Soon after Greta Thunberg started fifth grade in 2014, she was extremely depressed and would not eat, her mother reveals in the upcoming family memoir Our House Is on Fire: Scenes of a Family and a Planet in Crisis.
In the book, which hits shelves in March, Malena Ernman details the family’s strife as the climate activist, then 11 years old, faced the possibility of in-patient hospitalizations for feedings via tubes and IVs, according to an excerpt published in The Guardian.
“She was slowly disappearing into some kind of darkness and little by little, bit by bit, she seemed to stop functioning,” Ernman, 49, writes. “She stopped playing the piano. She stopped laughing. She stopped talking. And she stopped eating.”
Ernman, an opera singer, describes in moving and wrenching detail the frustration, fear and powerlessness she and her husband, Svante Thunberg, an actor, underwent as they attempted to help Greta overcome her refusal to eat.
When Greta, now 17, did eat, the amount was minuscule — and only consisted of bits of rice, avocado or gnocchi. Eating disorder specialists suggested her parents document all that she ingested; one lunch of 5 gnocchi took two hours and 10 minutes, according to the excerpt.
Ernman writes that she and her husband took to the internet for answers, researching things like anorexia, autism and eating disorders.
They ruled out anorexia, but kept the “door wide open,” as they’d heard it was a “very cunning disorder” that would “do anything to evade discovery,” according to the excerpt.
Ernman turned to friends and experts, including a school psychologist, who was the first to suggest that Greta was exhibiting signs of being on the autism spectrum.
“After two months of not eating Greta has lost almost 10 kg [22 pounds], which is a lot when you are rather small to begin with,” Ernman writes. “Her body temperature is low and her pulse and blood pressure clearly indicate signs of starvation. She no longer has the energy to take the stairs and her scores on the depression tests she takes are sky high.”
She started slowly but surely with calcium tablets and bananas, and after two months, according to Ernman, her weight began to not only stabilize, but slowly creep up.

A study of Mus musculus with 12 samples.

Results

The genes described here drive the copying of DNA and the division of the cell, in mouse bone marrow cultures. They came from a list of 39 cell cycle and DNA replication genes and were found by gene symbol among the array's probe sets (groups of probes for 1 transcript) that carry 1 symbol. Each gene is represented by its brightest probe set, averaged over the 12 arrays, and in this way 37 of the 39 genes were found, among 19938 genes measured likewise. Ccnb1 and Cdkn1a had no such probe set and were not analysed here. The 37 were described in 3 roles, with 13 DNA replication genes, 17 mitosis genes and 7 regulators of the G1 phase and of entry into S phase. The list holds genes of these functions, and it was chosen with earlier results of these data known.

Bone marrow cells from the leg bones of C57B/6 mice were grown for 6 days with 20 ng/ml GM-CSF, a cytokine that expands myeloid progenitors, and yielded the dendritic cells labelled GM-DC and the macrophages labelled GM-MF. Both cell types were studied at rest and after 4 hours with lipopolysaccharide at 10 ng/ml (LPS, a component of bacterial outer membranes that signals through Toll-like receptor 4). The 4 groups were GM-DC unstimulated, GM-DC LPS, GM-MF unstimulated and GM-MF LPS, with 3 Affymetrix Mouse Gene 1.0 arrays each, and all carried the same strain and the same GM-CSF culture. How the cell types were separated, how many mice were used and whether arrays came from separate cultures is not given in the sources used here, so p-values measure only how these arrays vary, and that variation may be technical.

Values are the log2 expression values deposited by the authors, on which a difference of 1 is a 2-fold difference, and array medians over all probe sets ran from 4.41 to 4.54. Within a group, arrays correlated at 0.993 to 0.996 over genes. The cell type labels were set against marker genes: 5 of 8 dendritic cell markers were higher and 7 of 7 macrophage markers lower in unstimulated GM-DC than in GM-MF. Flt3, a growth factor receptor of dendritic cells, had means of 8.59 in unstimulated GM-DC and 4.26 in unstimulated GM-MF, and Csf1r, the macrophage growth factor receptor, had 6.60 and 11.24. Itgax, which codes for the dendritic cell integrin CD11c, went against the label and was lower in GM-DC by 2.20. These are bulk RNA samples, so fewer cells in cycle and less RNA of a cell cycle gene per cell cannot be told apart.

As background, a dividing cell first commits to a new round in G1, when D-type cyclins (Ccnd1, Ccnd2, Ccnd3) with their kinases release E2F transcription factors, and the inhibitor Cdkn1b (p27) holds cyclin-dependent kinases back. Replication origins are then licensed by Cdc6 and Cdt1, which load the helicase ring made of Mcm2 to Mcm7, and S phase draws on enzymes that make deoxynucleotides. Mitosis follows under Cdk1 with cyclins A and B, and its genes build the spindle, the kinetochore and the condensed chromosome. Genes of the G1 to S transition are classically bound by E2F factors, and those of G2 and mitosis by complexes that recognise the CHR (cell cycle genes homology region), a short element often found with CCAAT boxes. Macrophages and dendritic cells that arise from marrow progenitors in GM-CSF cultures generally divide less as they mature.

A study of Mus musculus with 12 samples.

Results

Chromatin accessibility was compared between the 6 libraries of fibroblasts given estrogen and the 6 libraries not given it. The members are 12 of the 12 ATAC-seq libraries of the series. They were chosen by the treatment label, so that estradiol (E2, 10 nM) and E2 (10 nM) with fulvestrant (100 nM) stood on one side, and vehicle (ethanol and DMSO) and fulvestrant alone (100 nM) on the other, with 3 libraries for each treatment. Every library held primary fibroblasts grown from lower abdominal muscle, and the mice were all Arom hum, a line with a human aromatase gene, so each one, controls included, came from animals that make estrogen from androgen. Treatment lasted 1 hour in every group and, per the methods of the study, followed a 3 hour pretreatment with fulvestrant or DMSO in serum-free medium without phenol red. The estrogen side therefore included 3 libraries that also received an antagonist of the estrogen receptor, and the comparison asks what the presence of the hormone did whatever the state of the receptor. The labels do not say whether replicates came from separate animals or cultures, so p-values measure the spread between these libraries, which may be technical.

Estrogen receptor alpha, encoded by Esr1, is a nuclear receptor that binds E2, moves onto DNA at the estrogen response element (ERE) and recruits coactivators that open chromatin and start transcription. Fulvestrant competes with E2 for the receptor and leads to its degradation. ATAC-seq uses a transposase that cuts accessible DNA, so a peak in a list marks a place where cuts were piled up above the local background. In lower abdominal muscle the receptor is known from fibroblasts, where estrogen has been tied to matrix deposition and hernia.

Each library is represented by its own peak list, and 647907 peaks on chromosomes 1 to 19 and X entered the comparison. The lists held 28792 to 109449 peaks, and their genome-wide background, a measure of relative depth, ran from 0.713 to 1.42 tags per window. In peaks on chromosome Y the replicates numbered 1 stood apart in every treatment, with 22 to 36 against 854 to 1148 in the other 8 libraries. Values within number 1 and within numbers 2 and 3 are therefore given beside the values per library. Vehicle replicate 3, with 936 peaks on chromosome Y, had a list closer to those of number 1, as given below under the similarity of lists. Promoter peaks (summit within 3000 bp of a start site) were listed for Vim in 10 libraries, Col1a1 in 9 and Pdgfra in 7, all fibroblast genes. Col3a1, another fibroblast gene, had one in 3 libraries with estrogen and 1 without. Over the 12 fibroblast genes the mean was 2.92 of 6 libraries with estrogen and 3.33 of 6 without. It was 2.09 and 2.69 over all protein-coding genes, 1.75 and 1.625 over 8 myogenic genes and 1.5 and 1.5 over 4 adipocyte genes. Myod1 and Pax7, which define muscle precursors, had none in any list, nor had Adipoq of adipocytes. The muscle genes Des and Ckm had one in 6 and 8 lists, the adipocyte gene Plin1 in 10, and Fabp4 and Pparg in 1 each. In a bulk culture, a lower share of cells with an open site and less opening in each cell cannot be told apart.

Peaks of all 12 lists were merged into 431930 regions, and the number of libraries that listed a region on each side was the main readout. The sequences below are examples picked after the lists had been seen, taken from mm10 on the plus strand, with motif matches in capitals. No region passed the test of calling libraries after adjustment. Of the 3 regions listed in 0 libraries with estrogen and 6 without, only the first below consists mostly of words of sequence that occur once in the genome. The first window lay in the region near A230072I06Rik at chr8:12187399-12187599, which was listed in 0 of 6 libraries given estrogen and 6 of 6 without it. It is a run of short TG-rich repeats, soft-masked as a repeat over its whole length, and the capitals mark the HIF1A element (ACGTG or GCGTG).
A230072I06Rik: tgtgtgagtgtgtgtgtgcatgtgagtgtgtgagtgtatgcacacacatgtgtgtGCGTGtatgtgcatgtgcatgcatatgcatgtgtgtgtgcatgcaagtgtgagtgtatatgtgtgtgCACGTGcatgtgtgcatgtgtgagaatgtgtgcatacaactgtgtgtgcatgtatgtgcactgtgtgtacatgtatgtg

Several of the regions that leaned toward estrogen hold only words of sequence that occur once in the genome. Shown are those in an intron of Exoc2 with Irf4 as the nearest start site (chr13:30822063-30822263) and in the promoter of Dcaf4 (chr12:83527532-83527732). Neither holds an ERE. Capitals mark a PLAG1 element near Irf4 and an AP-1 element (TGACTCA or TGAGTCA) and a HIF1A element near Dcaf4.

Soon after, Svante accompanied Greta to school for an end-of-term ceremony, and saw classmates pointing and laughing at his daughter, according to the excerpt.
At home, Greta began to open up about it for the first time: “Stories about being pushed over in the playground, wrestled to the ground,” writes Ernman. “Svante and I inform the school, but the school isn’t sympathetic. They don’t believe her.”
Ernman also details that within that year, after her weight stabilized enough to get a neuropsychiatric investigation, Greta was diagnosed with “Asperger’s, high-functioning autism and OCD, obsessive-compulsive disorder.”
Around that time, her mom writes, Greta saw a movie at her school about the tremendous amount of garbage in the oceans, and became so overwhelmed with emotion afterwards that she began crying.
“She saw what the rest of us did not want to see,” writes Ernman. “She belonged to the tiny minority who could see our CO2 emissions with their naked eye.”
It was this realization that was the catalyst for Greta’s subsequent — and renowned — climate change activism, as well as the fuel she needed to live life to the fullest.
It started small, in August 2018, with a solo school-day strike in front of Sweden’s parliament to raise awareness of the need to curb CO2 to prevent the most catastrophic effects of an overheating planet.
Within weeks, the once non-talker was giving speeches before thousands, as well as interviews with TV crews from all over Europe.
“The phenomenon keeps growing,” Ernman writes. “Faster and faster by the hour.”
Greta had soon sparked a worldwide youth movement, one that would lead to millions of kids and teens worldwide holding their own school strikes for climate inaction. In 2019, she was nominated for a Nobel Peace Prize, and has been nominated again for 2020.
“Right now, I have a lot of people listening to what I am saying,” Thunberg previously told PEOPLE, “so I am using that platform to try to achieve a change.”
If you or someone you know is battling an eating disorder, please contact the National Eating Disorders Association (NEDA) at 1-800-931-2237 or go to NationalEatingDisorders.org.